Students attend ‘reverse job fair’ in Winnipeg to pitch skills to employers

A job fair with a twist was hosted in Winnipeg, with the hope of connecting young adults with future work.

On Wednesday, dozens of upcoming high school grads gathered for a “reverse job fair” at the Canadian Museum of Human Rights to pitch their resumes, in person, to potential employers.

Meaghan Jones, a teacher with Project SEARCH Winnipeg — one of the organizations co-ordinating the event — said there were about 43 jobseekers and 50 employers registered.

She said reversing who sits on what side of the table is important for neurodiverse jobseekers.

“One of the challenges that a lot of our jobseekers face is fear around accessible employment and stereotypes around what kind of skills our jobseekers may or may not have,” she said.

Story continues below advertisement

“With the reverse job fair, really what we’re saying is, ‘Hey, come in, just learn about accessible employment. It’s stress-free, low pressure. Let our students do a lot of the heavy lifting that would be attached to a typical job fair.’”

The email you need for the day’s top news stories from Canada and around the world.

Jones said where some students struggle to find opportunities to share their work experiences during an interview, the reverse job fair style brings the interview to them.

“We have a number of grads who graduated in the last few years who are underemployed, or who have been struggling to find employment. They’re here as well, showcasing their skills and experience,” she said.

More on Canada

Jobseekers who were present are open to work in a variety of industries, like child care, retail and clerical work, Jones said.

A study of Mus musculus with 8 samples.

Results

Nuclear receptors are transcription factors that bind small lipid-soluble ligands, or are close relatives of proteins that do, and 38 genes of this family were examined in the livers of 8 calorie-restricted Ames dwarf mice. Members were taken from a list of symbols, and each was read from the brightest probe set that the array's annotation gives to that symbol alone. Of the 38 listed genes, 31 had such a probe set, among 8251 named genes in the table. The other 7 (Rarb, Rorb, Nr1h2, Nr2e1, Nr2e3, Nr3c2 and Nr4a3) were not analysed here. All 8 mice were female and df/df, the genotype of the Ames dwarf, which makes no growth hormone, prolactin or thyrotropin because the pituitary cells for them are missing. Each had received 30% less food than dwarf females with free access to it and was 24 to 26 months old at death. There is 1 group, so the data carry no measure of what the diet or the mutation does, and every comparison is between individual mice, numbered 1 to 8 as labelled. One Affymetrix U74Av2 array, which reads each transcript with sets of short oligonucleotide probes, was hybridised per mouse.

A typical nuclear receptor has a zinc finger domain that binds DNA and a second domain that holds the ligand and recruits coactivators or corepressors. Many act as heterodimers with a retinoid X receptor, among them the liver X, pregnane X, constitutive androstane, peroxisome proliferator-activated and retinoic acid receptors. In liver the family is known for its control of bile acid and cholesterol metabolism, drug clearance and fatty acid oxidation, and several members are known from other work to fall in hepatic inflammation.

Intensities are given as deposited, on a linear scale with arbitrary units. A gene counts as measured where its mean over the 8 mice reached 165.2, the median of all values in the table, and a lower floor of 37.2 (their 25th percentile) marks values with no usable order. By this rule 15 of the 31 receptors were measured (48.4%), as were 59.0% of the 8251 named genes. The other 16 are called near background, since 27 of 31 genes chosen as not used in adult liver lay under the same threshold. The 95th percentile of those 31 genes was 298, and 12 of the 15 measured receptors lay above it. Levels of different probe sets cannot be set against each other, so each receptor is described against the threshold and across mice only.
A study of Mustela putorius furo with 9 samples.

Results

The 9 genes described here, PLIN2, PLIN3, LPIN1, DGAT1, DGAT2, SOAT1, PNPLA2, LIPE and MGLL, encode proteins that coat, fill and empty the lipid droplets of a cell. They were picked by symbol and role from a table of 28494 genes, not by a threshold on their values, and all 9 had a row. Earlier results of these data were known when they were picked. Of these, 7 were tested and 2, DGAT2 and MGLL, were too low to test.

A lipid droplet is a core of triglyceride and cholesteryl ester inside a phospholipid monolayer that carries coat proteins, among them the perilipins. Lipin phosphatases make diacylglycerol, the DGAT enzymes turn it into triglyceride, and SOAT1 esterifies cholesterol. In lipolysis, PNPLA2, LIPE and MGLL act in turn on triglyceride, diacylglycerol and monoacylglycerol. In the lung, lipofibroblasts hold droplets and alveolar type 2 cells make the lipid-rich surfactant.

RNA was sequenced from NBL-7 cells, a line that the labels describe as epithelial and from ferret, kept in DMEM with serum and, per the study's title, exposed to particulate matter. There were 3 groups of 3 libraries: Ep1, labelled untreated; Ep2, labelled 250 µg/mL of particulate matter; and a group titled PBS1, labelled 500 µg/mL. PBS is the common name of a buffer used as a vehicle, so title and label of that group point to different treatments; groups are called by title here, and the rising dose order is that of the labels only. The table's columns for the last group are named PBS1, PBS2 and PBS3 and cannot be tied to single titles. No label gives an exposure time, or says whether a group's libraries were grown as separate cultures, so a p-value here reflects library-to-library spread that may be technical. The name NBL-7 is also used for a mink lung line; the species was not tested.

Corinne Hachman is looking for a stocking and organization job, and said she is grateful to explain her skills to people hiring.

“I want young adults, and myself, to look for a career for people who went to high school, or … if they’re struggling, or if they have autism,” she said. “It’s good for (employers) to know so that they can help them and support them as much as they need it.

“That’s why it’s important for me and others to find a job so that they can keep it. Or if they don’t like it, they can always change it.”

Story continues below advertisement

Hachman looks forward to her next big life step.

“I really hope that one day I will find a job that will make me happy, and just that I will move with my life,” she said.

Click to play video: 'Home care attendants needed in Manitoba, WRHA recruiting workers with free program'

Home care attendants needed in Manitoba, WRHA recruiting workers with free program

&© 2024 Global News, a division of Corus Entertainment Inc.